The original Money Jungle album, released in 1963, was a collaboration between Ellington, bassist Charles Mingus, and drummer Max Roach. Mingus and Roach, of course, were musical giants of the post-bop era. Ellington, in addition to his genius as a composer and bandleader, was an inventive and innovative pianist, and Money Jungle is a interesting melding of styles and personalities. Most of the songs were written by Ellington for the LP (with the exceptions of “Warm Valley”, “Caravan”, and “Solitude”).
The 47-year-old Carrington, a drummer, composer, educator, and singer is well known in jazz circles. She’s played with a musical who’s who, including Herbie Hancock, Wayne Shorter, Al Jarreau, Stan Getz, and David Sanborn. Fans of The Arsenio Hall Show will remember her as the house drummer. She’s released several albums in her own name. Her 2011 effort The Mosaic Project, featuring many well-known female artists, won a Grammy for Best Jazz Vocal Album.
Fifty years after Money Jungle was released, Carrington has reinterpreted the album with keyboardist Gerald Clayton and bassist Christian McBride. Carrington has penned two songs, and Clayton one, to replace the songs not written specifically for the original. Other artists on the album include trumpeter Clark Terry, trombonist Robin Eubanks, reed players Tia Fuller and Antonio Hart, guitarist Nir Felder, percussionist Arturo Stabile, and vocalists Shea Rose and Lizz Wright.
While Carrington, Clayton, and McBride owe a great deal stylistically to the original Money Jungle artists, their own unique styles add to the freshness of the interpretations. Clayton combines facileness and dexterity with an expressive pianistic style. McBride is a renowned virtuoso and composer in his own right.
Carrington herself is an inventive and skilled drummer, making full use of the rhythmic innovations pioneered since the ’60s. At times she adds a soul-funk groove, sometimes a Latin-tinged or World Music beat, sometimes a fusion-influenced feel.
Some arrangements closely mirror the earlier versions. The blues “Very Special” employs the same swinging tempo used in the initial version. In other songs (“Switch Blade”) she begins in a style very close to the original, but then employs more dissonant voices, rhythmic variations, and additional instruments.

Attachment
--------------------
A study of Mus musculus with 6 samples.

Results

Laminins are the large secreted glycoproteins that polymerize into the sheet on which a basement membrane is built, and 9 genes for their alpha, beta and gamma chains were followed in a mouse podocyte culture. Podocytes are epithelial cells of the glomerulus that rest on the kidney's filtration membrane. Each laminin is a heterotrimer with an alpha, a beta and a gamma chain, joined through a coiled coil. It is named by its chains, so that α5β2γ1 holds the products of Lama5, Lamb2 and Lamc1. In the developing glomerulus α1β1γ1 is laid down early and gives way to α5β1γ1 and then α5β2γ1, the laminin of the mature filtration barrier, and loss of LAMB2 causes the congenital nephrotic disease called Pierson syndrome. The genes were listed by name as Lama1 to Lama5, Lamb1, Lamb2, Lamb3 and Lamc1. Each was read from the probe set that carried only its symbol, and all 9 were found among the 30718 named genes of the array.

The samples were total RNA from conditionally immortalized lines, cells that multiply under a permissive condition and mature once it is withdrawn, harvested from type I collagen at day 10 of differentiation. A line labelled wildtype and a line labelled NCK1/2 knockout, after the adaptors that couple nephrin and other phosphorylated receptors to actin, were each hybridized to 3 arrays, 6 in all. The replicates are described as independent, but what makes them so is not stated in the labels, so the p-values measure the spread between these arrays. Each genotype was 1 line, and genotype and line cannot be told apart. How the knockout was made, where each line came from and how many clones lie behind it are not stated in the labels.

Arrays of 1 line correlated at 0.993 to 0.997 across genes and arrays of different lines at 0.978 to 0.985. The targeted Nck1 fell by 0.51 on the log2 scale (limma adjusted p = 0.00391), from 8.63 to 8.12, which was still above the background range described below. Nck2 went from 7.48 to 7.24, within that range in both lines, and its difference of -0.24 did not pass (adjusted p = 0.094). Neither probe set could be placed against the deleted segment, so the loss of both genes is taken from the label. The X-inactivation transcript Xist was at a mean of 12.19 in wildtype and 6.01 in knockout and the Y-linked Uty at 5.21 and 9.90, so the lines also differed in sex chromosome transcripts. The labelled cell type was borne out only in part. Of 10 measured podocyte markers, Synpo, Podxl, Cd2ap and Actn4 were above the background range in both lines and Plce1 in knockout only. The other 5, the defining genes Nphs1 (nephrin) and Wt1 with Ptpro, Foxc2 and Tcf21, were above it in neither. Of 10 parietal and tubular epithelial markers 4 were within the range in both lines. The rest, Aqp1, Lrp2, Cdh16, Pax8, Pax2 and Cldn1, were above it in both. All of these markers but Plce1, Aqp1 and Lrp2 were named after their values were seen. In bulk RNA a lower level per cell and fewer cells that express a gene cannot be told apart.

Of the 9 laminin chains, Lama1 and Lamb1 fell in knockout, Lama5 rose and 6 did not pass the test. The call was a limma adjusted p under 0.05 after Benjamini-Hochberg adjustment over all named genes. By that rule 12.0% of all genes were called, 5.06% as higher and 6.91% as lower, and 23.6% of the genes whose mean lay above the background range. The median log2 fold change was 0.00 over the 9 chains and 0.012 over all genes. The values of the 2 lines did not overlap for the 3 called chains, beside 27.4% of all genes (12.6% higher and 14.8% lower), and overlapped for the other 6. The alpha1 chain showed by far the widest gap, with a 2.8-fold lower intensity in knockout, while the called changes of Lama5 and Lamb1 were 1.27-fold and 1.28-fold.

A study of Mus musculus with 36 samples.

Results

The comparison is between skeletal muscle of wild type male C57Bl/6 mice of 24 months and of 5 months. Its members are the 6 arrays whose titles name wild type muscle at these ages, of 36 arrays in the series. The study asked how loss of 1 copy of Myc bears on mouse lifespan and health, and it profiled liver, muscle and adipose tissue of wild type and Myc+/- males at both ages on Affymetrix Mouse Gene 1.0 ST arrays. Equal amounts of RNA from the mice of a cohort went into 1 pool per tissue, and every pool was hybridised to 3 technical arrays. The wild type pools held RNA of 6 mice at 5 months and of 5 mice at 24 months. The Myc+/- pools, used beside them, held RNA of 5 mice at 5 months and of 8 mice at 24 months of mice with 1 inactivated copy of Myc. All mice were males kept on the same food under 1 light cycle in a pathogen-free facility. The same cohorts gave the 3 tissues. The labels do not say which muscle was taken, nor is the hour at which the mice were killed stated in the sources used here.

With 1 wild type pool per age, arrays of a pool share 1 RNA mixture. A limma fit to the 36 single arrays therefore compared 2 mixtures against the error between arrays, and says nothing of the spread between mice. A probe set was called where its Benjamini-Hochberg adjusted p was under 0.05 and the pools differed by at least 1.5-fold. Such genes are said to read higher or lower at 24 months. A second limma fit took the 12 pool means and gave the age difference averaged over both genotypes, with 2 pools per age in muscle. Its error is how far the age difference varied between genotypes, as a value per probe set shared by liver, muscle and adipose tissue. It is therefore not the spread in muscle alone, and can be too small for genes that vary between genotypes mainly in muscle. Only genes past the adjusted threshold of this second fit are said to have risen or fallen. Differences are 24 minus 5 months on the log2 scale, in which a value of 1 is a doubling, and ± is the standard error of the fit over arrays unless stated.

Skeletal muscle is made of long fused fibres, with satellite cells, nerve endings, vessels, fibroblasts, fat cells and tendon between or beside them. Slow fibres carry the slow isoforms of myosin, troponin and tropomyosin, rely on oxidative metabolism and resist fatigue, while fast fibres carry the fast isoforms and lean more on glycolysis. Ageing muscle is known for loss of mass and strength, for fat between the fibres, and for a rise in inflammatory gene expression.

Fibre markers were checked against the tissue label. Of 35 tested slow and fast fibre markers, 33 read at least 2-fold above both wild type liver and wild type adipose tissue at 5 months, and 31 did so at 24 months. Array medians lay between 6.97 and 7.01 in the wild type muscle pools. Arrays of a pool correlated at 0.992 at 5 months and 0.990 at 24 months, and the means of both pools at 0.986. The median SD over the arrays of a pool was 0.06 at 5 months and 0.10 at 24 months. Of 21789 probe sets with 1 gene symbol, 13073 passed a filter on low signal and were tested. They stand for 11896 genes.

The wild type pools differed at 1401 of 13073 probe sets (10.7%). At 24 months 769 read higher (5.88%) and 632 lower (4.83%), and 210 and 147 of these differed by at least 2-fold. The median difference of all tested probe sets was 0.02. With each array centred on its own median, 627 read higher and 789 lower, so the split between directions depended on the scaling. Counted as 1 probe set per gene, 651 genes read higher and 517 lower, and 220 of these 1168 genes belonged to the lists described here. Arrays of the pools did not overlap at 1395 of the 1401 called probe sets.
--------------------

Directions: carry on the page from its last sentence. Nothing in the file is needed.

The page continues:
Ellington’s version of “Fleurette Africaine” is an ethereal, delicate piece. Carrington employs more instruments (Eubanks on trombone, Tia Fuller and Antonio Hart on flute, Clark Terry on trumpet). In an odd twist, she adds Terry’s unique “Mumbles” scat singing to the mix. This would seem to contradict the overall mood, but strangely enough it works, adding a sense of humor to the song. (Carrington deliberately added Terry to the ensemble as a direct link to Ellington, and to acknowledge her first gig with his band as a child).
The transformation of “Backward Country Boy Blues” from Ellington’s version is much more complete, and somewhat less successful. It opens with some nifty acoustic slide-guitar, accompanied by Wright’s gospel-like vocals. But it then morphs into a generic-sounding smooth jazz groove overlaid with a piano solo and background vocals.
The title track begins with a spoken clip from the movie Zeitgeist, asserting that people are simply vehicles for the creation of money. It follows with an up-tempo, blues-oriented theme, which evolves into some exploratory give-and-take between Carrington, McBride, and Clayton. It concludes with some spoken clips from Bill Clinton, Barack Obama, Martin Luther King, Jr. and others deploring poverty and inequality in the world.
The song “Grass Roots” contains more short spoken clips relating to economics. I admit to being somewhat confused about the message that Carrington is trying to convey. Is she attacking capitalism, the unequal distribution of wealth, commercialism, or all three?
Having said that, some of the readings are quite effective. In the song “REM Blues/Music,” Shea Rose reads from a poem Ellington wrote in his autobiography:
Music is a beautiful woman in her prime,
Music is a scrubwoman, clearing away the dirt and grime,
Music is a girl child
Simple, sweet and beaming,
A thousand years old,
Cold as sleet, and scheming.
It’s not great poetry, but it perfectly expresses Ellington’s approach to his art. The song setting, and Rose’s expressive reading, make this piece very compelling. The track ends with Herbie Hancock quoting Ellington’s words regarding jazz, money, and popularity.
Of course, all this reconfiguring is very much in the spirit and openness of Duke Ellington. A fascinating aspect of the original Money Jungle is listening to Ellington adapt his style to his surroundings, at times injecting modern pianistic voicings, while keeping his distinctive sound. Money Jungle: Provocative In Blue is a worthy tribute by some of the sharpest and thoughtful artists on the scene.